Big spenders

Pardon the long post, but in this case the detail is the point: What follows is a summary of top spenders in the Oregon legislative races this year.

Specifically, we looked at every race where either contributions or expenditures hit $100,000 or more, and a few other races of interest besides. The result seems a useful snapshot of where some things are headed, and where others might be.

Details below the fold. (more…)

Under the rug

Google never forgets: Politicians should remember that and act accordingly.

Consider this page (link and pointer courtesy of Horse's Ass), whic contains pictures of Washington 8th District Representative Dave Reichert, plus a businessman, and - former Florida Representative Mark Foley, recently resigned after being outed as a pedophile. The picture was taken in 2005, and there's no reason to think Reichert had any idea what his colleague was up to.

You can understand why Reichert would doubtless, now, rather forget he ever met Foley. Better, though, to have posted an additional message on the existing page - something, maybe, about how you just never know about people - than to have erased it and hope no one would notice. These days, people notice.

THE FOLEYS: Curious that no one in Washington seems to have remarked yet about a curiosity of names. From 1965-95 Washington had a 5th district congressman named Foley - Tom Foley - who became speaker of the House. In 1989, a Republican National Committee staffer shopped around a memo that connected Foley's legislative record to openly gay Representative Barney Frank's, and suggested Foley "come out of the liberal closet." After uproar, the staffer was fired, and the Floey/gay linkage evaporated.

Now a congressman from Florida, the far side of the country, a Republican named Foley, and ... you can fill in the rest.

Evidence wanting

In the flurry of discussion about the new hot Oregon TV spot, one key point should be brought central: There seems to be no evidence that the problems it cites are in any way real.

This isn't true of most TV political ads, which generally cite evidence (maybe in the form of news stories) where specific allegations are made. Ron Saxton, the Republican challenger to Democratic Governor Ted Kulongoski, has typically done this too, as on his ad about Kulongoski and taxes.

Not so on his new ad, now in heavy rotation, on illegal immigrants. There have at least been some past reports (one, as cited, in the Oregonian) suggesting - using statistical estimates, of course, not a census - that the number of illegals immigrants in Oregon is about 175,000. Of course, no one - no one - really knows if that's an accurate number. The Saxton ad cites it as established fact.

Then: "Under Governor Ted Kulongoski, Oregon gives drivers licenses to illegal aliens who use them to get state services and even vote. This costs Oregon taxpayers millions of dollars every year. Ron Saxton believes that illegal means illegal."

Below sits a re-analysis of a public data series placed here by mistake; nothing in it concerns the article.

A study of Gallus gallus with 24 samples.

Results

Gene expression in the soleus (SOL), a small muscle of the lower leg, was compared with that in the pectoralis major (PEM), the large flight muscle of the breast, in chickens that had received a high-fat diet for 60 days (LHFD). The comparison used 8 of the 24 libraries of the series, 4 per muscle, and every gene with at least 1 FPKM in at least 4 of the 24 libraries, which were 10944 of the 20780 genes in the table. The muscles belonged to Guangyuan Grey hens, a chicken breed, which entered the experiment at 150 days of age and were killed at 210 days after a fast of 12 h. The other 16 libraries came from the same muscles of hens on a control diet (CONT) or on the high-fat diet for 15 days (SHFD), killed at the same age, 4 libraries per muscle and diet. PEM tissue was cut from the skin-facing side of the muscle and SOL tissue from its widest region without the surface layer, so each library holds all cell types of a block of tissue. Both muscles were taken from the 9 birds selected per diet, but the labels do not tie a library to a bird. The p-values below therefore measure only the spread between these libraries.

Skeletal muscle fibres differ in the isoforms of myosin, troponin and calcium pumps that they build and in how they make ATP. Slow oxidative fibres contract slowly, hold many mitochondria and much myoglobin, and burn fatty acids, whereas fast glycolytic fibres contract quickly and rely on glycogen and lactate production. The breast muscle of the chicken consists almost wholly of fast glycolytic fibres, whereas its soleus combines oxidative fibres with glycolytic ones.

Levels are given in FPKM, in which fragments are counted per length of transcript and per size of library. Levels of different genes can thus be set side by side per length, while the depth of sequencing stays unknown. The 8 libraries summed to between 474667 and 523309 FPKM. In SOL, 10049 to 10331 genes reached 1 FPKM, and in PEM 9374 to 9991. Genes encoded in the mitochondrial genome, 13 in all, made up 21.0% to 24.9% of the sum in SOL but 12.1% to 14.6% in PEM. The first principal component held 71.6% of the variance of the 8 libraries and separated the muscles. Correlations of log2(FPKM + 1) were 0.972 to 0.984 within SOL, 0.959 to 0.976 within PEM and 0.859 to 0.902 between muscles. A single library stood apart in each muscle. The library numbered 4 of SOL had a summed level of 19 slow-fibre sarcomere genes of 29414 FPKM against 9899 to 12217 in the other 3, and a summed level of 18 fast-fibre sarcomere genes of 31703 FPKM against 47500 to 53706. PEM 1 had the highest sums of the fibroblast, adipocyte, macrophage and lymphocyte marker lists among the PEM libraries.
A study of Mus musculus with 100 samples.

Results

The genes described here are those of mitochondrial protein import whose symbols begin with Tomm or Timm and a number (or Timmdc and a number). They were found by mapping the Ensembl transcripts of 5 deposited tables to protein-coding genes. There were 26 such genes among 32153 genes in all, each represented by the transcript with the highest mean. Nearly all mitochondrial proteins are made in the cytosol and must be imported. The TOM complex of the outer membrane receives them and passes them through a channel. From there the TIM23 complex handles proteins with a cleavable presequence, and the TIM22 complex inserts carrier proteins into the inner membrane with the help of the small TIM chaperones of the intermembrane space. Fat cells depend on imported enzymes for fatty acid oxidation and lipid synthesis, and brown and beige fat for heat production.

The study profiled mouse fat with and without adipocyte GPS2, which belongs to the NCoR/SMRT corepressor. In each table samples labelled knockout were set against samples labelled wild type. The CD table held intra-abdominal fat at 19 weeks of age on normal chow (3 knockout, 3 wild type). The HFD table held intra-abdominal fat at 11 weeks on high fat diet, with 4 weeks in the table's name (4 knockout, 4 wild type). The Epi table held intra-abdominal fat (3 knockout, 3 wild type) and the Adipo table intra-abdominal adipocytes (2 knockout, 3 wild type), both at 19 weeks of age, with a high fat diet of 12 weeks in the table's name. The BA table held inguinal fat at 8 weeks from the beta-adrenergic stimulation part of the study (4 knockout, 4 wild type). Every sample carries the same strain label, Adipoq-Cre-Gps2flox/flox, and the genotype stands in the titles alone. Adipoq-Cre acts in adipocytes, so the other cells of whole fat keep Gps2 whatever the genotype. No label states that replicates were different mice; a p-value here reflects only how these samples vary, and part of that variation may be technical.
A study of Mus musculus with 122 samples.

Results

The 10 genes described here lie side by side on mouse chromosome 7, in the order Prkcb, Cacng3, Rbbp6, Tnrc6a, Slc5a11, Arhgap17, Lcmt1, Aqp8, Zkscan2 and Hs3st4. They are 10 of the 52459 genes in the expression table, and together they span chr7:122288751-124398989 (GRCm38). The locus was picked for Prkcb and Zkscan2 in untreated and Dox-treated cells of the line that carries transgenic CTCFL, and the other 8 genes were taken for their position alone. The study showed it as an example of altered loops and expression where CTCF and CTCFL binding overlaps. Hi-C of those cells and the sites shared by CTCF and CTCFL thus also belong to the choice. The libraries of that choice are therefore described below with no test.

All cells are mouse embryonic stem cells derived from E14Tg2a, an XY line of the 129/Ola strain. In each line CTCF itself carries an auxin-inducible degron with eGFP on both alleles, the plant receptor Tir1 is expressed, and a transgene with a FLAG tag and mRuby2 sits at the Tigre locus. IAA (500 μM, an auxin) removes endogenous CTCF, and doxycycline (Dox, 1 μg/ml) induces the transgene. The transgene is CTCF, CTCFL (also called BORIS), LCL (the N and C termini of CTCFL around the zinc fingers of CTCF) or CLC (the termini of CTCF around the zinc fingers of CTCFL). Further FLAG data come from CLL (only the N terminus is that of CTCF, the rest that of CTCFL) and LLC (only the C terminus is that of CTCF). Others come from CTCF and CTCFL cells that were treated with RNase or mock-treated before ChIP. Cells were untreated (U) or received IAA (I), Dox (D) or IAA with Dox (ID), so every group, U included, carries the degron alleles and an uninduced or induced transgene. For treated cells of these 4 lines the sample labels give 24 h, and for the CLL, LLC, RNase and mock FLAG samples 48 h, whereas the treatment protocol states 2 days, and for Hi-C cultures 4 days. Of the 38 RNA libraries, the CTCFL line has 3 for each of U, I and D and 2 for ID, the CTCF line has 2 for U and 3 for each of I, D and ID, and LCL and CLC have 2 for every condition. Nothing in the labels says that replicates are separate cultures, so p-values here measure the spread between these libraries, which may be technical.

On the latter point, actually, so does Kulongoski, who has said his administration enforces the law against unauthorized immigration as best it can. Beyond that are some specific allegations: that illegals actually obtain drivers licenses; that they use them to obtain services; (implicitly at least) that they vote; and that this costs the taxpayers of the state millions of dollars annually.

These sound like documentable facts, if true. State officials, including Secretary of State Bill Bradbury, say they're not true. In the Oregonian today, "'I looked at the past 15 years of general elections,' Bradbury said. Of more than 10 million votes cast, only 10 prompted investigation into citizenship, he said, and of those 10, only two were prosecuted."

We've seen in recent reports no rebuttal about the facts of the matter from the saxton campaign. So this morning, we posed the question: "Concerning the current ad on immigration: What are the specifics on illegal immigrants voting or obtaining drivers licenses? The charges have been criticized as unfounded; what foundation do you have for them?"

The campaign responded promptly. In full: "Here is a quote from Sec. Bradbury. This seems to refute his statement to the paper. On Saturday, Secretary of State Bill Bradbury urged participants to take a stand against proof of citizenship and other identification requirements 'designed to reduce participation' in elections. - Salem Statesman Journal, 01/08/06 "

But that's a puzzle: Bradbury seems to be suggesting that the ID proposals have as their real purpose a suppression of voting, a suggestion he would make only if he thought their surface purpose - to keep non-citizens from voting - was not a real problem. It seems consistent with his statements to the Oregonian.

Not much of a response - no facts at all, not even any anecdotes, to demonstrate that illegal aliens have been obtaining drivers licenses, have been getting state services (as, probably, some have), have been voting, or have actually cost Oregon taxpayers a dime.

Maybe, in fact, they have - but so far that's guesswork. Until we see more, we're going to have to assume that on the subject of illegal immigrants, the Saxton campaign is simply making it up because the words "illegal alien" are a hot button in a tight race.